Waking up was early today. Or late, depending on how well some of us adjusted to the jetlag. For me, there really wasn’t any. Maybe it was the constant daylight on the flight from Seattle. Or maybe my body is just goofy. Kim did mention it is easier to adjust going West. At any rate we were up 5:45am and after some meditating, a shower and stretching, I was feeling pretty good. Matt, however, must not have been awake as he ended up putting soy sauce on his french toast. And after waiting for David to finish watching Scooby Doo (it was the only English show) we all boarded the bus for the airport.
All seemed well until we tried heading to the security checkpoint. There was a lady out front who randomly weighed people’s bags. Ok, maybe not so random as she grabbed Dave’s large bag with much camera gear. Kim and I slipped by (there was one lady for all the passengers) but Tyler (I think) wasn’t so lucky. Matt had to come out of line to take some of the items from his backpack to make it lighter. All this and we boarded in Seattle without weight questions. It was a bit odd.
Beside Diane’s incessant accidental depressing of the stewardess call button, the flight from Seoul to Kathmandu was enjoyable and calm. No in seat entertainment and I can’t remember the movie, but it was good. The flight is around 5 hours and soon the Himalayas came into view….although on the other side of the plane from most of us. Bummer…..we’ll see them soon enough. The sprawl of Kathmandu thickened as we banked our way into Tribhuvan International Airport and pulses quickened. Deplaning is done from a wheeled up stairway and upon reaching the cabin door the heat and humidity, while not stifling, is the first notice we receive of being far from our Whidbey home. And happy we are for the change, until we stand for an hour in the immigration line. Fees to enter the country have increased to $40US. This isn’t too bad when you consider the US charges around $100 to apply for a entry visa with no guarantee of getting one.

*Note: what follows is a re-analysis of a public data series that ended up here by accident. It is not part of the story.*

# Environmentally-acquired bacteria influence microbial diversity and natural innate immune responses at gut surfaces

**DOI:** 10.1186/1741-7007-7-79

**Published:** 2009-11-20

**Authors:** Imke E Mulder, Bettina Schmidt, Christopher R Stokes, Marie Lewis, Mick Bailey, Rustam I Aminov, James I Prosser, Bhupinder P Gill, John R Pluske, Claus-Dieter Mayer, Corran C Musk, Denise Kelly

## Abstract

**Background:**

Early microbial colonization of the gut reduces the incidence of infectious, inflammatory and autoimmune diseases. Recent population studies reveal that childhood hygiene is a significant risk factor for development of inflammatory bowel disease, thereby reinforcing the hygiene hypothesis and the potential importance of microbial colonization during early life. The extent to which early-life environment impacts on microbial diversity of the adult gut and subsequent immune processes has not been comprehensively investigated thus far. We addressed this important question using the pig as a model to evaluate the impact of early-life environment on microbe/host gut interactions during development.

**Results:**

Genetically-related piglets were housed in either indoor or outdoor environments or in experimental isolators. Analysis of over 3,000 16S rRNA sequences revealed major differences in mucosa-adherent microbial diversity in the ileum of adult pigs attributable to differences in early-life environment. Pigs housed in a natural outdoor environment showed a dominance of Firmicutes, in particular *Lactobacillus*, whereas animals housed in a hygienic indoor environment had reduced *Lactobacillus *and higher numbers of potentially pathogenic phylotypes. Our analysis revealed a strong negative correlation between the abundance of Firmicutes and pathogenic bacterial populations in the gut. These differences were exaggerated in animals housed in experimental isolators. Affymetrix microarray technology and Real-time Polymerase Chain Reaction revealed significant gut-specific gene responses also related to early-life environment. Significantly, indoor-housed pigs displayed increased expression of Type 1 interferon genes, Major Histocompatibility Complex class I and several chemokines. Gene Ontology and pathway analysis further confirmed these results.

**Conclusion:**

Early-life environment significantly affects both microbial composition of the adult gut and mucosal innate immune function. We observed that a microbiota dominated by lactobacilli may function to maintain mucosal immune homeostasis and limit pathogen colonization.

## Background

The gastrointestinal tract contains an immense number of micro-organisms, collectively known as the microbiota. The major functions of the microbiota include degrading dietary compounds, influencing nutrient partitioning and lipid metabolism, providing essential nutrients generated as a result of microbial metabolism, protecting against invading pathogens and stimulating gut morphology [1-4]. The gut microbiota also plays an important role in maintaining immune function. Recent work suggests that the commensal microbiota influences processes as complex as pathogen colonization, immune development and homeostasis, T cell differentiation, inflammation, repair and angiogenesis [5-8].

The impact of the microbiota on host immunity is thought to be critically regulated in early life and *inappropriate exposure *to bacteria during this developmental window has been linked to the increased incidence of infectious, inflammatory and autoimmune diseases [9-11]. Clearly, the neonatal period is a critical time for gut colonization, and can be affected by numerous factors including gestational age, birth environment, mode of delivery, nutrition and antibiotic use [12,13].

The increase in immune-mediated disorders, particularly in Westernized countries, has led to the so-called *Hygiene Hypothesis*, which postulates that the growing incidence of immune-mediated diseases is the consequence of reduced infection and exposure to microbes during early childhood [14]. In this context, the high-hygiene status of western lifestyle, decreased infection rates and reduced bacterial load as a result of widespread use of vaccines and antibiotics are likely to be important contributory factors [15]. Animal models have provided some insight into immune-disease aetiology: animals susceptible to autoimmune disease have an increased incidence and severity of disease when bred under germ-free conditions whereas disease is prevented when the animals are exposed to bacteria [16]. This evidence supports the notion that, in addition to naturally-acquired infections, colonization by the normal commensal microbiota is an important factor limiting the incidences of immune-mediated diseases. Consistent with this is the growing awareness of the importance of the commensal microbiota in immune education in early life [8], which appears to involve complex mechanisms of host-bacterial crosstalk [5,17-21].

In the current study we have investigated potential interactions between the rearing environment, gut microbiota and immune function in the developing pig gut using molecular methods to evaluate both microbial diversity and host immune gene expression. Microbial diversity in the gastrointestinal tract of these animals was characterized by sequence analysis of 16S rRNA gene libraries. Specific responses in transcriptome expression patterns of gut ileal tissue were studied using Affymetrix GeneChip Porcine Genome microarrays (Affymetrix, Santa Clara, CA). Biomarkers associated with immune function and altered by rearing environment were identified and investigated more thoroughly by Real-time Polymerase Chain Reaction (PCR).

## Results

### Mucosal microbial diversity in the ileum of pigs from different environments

Lhakpa, our friend from Kim’s past trips as well as his visits to the US, meets us upon exiting the Customs ‘check’ (I don’t recall anyone actually checking anything) and it’s good to be greeted by a familiar face. Matt, who has organized over 20 other treks in Nepal, is greeted by the children of a Sherpa he had trekked and climbed with for over a decade, but who recently suffered fatal liver failure. All together we load a van for Sunrise Cottage Guesthouse in the Thamel tourist district. The adrenaline of a van ride through the crowded streets of Kathmandu and the excitement of being some place so foreign to where I spend my ‘normal’ days keeps me giddy and terrified…..until I learn that people actually know how to drive in crazy traffic with little to no rules and lots of horns.
After settling in to our rooms, half of us head out with Kim as our defacto guide to do some shopping. While we exchange some money (73.50 ruppies to the USD) David, who has never left North America, becomes an instant magnet for the beggars and ware hawkers hanging out around town. I’ll come to find as the trip progresses that David has a very rare ability to honestly laugh at himself. And I’m not picking on him when I say we’ll have plenty of chances to laugh at some of the things he says. Without fail he laughs at himself in earnest each time and that makes for a very fun travel companion. Before I move on there is one thing that freaked me out about shopping in Thamel and it’s that they all have the EXACT same calculator. Shop after shop after shop to restaurant to internet cafe…..the same huge calculator. It was very freaky.
Dinner that night was supposed to be at Fire & Ice but the Dashain festival had things shut down here and there. So we headed over to the Third Eye for some rooftop dinning. And some beer to wash down the travel dust. Ahhhh…..cheap beer is easy to find in Nepal. After dinner I wandered around a bit after hitting up an internet cafe to let family know we arrived safely. The smells of garbage and diesel fumes are nonstop, the bright lights from shops crowding in to the small streets and the constant din of horns, music, conversation….it’s all so different and quite frankly, cool. But I know I can’t stand it for long, big cities don’t suite me. I know we only have two days in town until our flight to Lukla and the start of the trek, so I’m enjoying Kathmandu for what it is. Knowing I have an escape soon.
Day 3 covers our one solid day in Kathmandu before heading for higher ground.